Wall Street has been brimming with optimism since President Donald Trump’s election, but Main Street’s optimism soared as well. Some say the new GOP health insurance bill may keep that going.
CNBC reporter Kate Rogers said that “Main Street’s outlook post-election is still holding at historically high levels according to the National Federation of Independent Business.”
“While this month’s reading dropped 0.6 points to 105.3, it remains well above the group’s historical average of 98,” she added on CNBC’s Squawk Box March 14.
She told viewers small business owners are happy that the “employer mandate is not a part of that new GOP healthcare plan,” and that could “definitely help keep optimism a little higher.”
Rogers listed other reasons for optimism including reports of job openings near a 17-year high and higher capital spending among small businesses.
In response to this report, co-anchor Andrew Ross Sorkin complained that “if we're not going to offer” health insurance through the government, the private sector should, but they won’t “pick up the slack” either.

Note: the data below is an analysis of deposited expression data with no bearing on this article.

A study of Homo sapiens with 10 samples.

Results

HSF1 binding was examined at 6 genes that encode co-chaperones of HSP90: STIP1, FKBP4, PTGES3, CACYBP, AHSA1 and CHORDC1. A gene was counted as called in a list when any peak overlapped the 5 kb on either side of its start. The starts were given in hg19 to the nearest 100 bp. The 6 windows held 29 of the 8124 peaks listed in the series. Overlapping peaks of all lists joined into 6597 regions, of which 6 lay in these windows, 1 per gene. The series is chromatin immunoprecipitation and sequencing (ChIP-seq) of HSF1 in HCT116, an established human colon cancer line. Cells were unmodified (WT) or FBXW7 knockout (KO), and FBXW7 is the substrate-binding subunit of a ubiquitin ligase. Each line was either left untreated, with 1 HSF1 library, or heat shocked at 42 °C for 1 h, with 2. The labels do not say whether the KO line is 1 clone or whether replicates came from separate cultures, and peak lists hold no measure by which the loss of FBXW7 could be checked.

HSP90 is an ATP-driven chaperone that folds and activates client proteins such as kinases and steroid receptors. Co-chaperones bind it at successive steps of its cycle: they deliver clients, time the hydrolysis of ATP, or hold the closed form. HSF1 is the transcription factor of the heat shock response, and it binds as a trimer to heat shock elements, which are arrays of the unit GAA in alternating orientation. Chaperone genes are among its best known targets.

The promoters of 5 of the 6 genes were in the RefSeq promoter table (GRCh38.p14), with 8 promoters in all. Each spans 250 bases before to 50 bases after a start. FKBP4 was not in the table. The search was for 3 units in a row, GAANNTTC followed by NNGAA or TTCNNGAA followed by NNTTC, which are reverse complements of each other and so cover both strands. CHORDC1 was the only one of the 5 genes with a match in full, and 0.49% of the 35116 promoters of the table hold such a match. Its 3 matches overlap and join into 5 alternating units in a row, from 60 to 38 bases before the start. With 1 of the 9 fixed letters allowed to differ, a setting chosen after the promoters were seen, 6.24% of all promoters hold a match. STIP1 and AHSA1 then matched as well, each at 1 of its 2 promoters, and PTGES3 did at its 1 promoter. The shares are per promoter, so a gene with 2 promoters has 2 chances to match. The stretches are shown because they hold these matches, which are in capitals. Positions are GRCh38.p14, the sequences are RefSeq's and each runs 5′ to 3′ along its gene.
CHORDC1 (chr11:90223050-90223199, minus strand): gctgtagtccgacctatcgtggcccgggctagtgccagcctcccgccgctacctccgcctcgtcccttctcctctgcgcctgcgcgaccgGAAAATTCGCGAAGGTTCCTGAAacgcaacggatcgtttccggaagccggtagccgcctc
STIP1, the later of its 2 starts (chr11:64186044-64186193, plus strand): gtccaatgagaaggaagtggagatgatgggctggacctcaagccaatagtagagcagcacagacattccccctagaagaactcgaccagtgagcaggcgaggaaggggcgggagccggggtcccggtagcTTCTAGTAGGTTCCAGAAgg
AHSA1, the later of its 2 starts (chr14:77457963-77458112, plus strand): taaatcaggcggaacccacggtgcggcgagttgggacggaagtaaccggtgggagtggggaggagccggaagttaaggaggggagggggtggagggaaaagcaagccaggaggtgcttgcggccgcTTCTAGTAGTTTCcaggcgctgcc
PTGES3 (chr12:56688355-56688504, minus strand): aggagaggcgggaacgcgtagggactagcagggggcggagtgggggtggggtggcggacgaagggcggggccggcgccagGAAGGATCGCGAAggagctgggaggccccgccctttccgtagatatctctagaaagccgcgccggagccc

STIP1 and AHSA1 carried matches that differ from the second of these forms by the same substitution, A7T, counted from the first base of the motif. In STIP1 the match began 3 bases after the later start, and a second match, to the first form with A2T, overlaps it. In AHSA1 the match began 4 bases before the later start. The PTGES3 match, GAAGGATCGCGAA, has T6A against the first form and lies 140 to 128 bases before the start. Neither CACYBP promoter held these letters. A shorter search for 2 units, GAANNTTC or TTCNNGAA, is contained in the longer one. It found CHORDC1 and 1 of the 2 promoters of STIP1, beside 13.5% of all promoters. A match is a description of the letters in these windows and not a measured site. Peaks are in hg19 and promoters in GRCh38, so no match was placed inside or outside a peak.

He claimed that “all over the country” in many different ways companies are keeping employees “temporary all year.”
But co-anchor Becky Quick jumped in and explained that Obamacare actually exacerbated the problem Sorkin was talking about.
“This was my concern with the Affordable Care Act [Obamacare] from the beginning,” Quick said. “For 50 years or 60 years, we've been a nation where employers really did provide health care. This [Obamacare] gave them a reason not to.”
She said that her “concern” about Obamacare was that “we’re going to destroy health care for people doing really well.”